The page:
Saturday, September 28, 2013

Can an Atheist Get Sober?

After the most grievous, fruitful season of my young life, I'm sorting through the lessons. Through my limited scope, I'm discovering a fraction of what it feels like to love, and to be powerless. If God's inexhaustible Love for us feels anything like this for its Source, I'm happy to remain a fleck on the windshield of life.

Part of this summer's journey has meant a return to the 12-step meetings that saved my life fifteen years ago. I selfishly gained the gifts of sobriety (becoming employable, a husband and family, a busy life) and left my duties to still-suffering drunks behind. I also left behind the spiritual growth that propels us, one day at a time, in recovery. Although I didn't pick up a drink or a drug in the six years that I stayed away from meetings, I retreated into my faith. This isn't a fact I'm overly maudlin about, but it is a fact. We either 'grow spiritually or die', is a recognized truth for addicts. I've moved through the deep shame and regret of leaving this first facet of good living behind --- that progress being due to the unfailing welcome of beautiful strangers who now inhabit my heart and my home. Thank God they were still there when I put my hand to the doorknob. The worn carpet, bad coffee and tattered slogans on the wall spoke in sacred, silent tones. May I never forget where I came from.

In a flash, I was relieved of my embarrassment at the realization that I'd concocted two different Gods: one for alcoholism and one for Christian living. I had a merciful God and a legalistic God. To reconcile the two was not the kind of protracted analytical exercise I first expected; rather, God returned wholly to me the same way He first appeared --- in my utter surrender. We know the expression 'there are no atheists in a foxhole', hinting at the simplicity and willingness of the human soul to cry out for divine aid when all other hope is lost.

The Twelve Steps are undeniably rooted in Christianity, even mirroring Ignatian and Benedictine spirituality so closely that Bill Wilson (their author) was once asked by a priest if the rumor was true --"had the Steps in fact been written by a Jesuit seminarian?" These roots are not restrictive, however, and the program is presented in the most unobtrustive way. Any seeker of God is free to their conception of a Higher Power, and this is no doubt a wellspring of their efficacy. The fruits of Christian love and service abound, free from moral authority or hierarchy. We exist in concert with recovery from profound, intimate trauma, and humans of every possible stripe are well-represented in our numbers. We are bikers and doctors, mommies and felons, sometimes all in one person. It's this variety of experience plus the purity of our mission, that gives us the ability to reach one another. And here I come to the question first posed --- can someone who denies the existence of God make use of the 12 Steps? YES. A thousand times yes.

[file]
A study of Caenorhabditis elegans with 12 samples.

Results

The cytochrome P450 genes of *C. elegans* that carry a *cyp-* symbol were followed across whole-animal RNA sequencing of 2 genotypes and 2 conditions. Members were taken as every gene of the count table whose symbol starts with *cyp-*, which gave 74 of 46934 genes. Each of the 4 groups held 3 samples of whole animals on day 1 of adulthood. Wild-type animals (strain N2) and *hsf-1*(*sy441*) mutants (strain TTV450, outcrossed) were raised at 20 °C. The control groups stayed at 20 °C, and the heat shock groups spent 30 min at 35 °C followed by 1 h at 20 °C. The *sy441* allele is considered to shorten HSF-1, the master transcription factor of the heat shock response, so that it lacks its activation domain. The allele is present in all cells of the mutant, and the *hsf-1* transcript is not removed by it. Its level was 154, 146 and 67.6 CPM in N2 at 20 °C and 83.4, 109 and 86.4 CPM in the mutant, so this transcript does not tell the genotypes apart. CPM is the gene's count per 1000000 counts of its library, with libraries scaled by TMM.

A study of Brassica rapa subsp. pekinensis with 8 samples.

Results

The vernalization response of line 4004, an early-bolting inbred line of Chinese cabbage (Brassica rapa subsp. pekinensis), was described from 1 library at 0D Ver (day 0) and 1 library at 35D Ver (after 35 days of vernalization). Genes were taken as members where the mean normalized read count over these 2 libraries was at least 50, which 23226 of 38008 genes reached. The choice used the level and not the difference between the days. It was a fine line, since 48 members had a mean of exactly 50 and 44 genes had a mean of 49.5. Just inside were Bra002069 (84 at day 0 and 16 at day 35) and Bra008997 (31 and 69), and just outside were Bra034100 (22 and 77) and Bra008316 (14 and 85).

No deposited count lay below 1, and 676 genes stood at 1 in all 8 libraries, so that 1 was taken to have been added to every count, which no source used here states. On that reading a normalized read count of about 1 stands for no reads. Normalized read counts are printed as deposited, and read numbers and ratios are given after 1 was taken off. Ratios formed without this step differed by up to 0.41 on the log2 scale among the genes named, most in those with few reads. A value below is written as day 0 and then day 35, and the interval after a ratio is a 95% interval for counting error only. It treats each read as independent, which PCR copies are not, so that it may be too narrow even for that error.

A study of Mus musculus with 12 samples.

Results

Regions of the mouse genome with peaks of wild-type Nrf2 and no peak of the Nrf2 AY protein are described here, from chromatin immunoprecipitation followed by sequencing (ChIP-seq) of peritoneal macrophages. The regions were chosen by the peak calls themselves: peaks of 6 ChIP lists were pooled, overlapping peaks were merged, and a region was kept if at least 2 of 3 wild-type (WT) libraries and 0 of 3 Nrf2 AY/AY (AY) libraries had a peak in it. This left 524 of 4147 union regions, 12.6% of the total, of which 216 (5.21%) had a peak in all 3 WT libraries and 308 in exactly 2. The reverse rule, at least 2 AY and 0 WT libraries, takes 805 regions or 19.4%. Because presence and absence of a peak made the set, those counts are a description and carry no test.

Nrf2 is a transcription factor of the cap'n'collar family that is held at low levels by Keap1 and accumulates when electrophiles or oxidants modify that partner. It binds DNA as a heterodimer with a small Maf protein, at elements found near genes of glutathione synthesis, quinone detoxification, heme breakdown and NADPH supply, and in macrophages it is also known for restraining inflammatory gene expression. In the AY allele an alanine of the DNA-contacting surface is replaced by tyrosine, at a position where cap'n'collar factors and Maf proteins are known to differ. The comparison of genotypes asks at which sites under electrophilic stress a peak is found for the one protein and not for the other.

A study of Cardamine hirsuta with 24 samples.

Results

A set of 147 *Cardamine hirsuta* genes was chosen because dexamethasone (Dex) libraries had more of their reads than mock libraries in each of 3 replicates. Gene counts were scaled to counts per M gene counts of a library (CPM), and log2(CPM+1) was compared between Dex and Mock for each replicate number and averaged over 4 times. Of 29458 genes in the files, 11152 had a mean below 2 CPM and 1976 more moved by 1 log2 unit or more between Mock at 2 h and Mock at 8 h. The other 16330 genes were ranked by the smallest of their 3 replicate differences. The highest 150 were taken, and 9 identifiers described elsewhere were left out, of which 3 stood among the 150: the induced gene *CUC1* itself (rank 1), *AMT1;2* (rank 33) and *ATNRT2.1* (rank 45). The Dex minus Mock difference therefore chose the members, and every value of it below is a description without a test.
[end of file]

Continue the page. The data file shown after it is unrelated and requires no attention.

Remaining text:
Picture a symphony. If you have any experience with a musical instrument this will be easy.  I played the clarinet gleefully and with mediocrity as a teenager, never reaching first or second chair but learning rapidly and deeply enjoying the experience. And we had a conductor who was one in a million. This conductor exists and is leading the show whether I acknowledge him or not --- a 'higher' power, if you will. I can reasonably get by and gain new techniques by copying the person sitting next to me. I never even have to look at the Conductor unless and until I'm willing to find that specific direction. What's vital is only that I discard my way, my self-will, and my ideas about how it should go. Humility, that elusive condition, is essential. I can copy the technical skill of another player, I can merely pretend to play ('fake it 'till you make it'), I can dither between numbers and let others carry the weight. I don't even need to be copying a player of the same instrument; I may play the clarinet but be enamored with the bassoon. It doesn't matter. All have varying results but all are different than hiding in the gutter or the catwalk --- if I'll come in, sit down, assume some postures, and allow for a new way of living from the inside out, I have a chance.

Taken as a straight parallel, any souse has already done this. In active addiction, many of us eventually exit polite society, learning a new vocabulary, new cultural norms, and a host of frightening new "skills" as we descend into hell. We trust in all kinds of unseen forces, for better or worse, to carry us through to the next fix. This mimicry of addicted life is much like the map out of the morass and into healthy and whole life --- just copy the people who have what you want.

The principles of getting well after a period of degradation so bleak that we find ourselves beyond human aid are universal and personal. It works to replace 'atheist' with the spiritually arrogant (hi!), the proud, the lazy and the skeptic: we lay aside our old ideas in exchange for a new way of living. This is simple yet difficult. If it were easy, Skid Row would be empty. As usual, this painful, privileged sojourn is best summarized in the perfect locution of wounded healers, reaching for their own:

bring your ass and your heart will follow.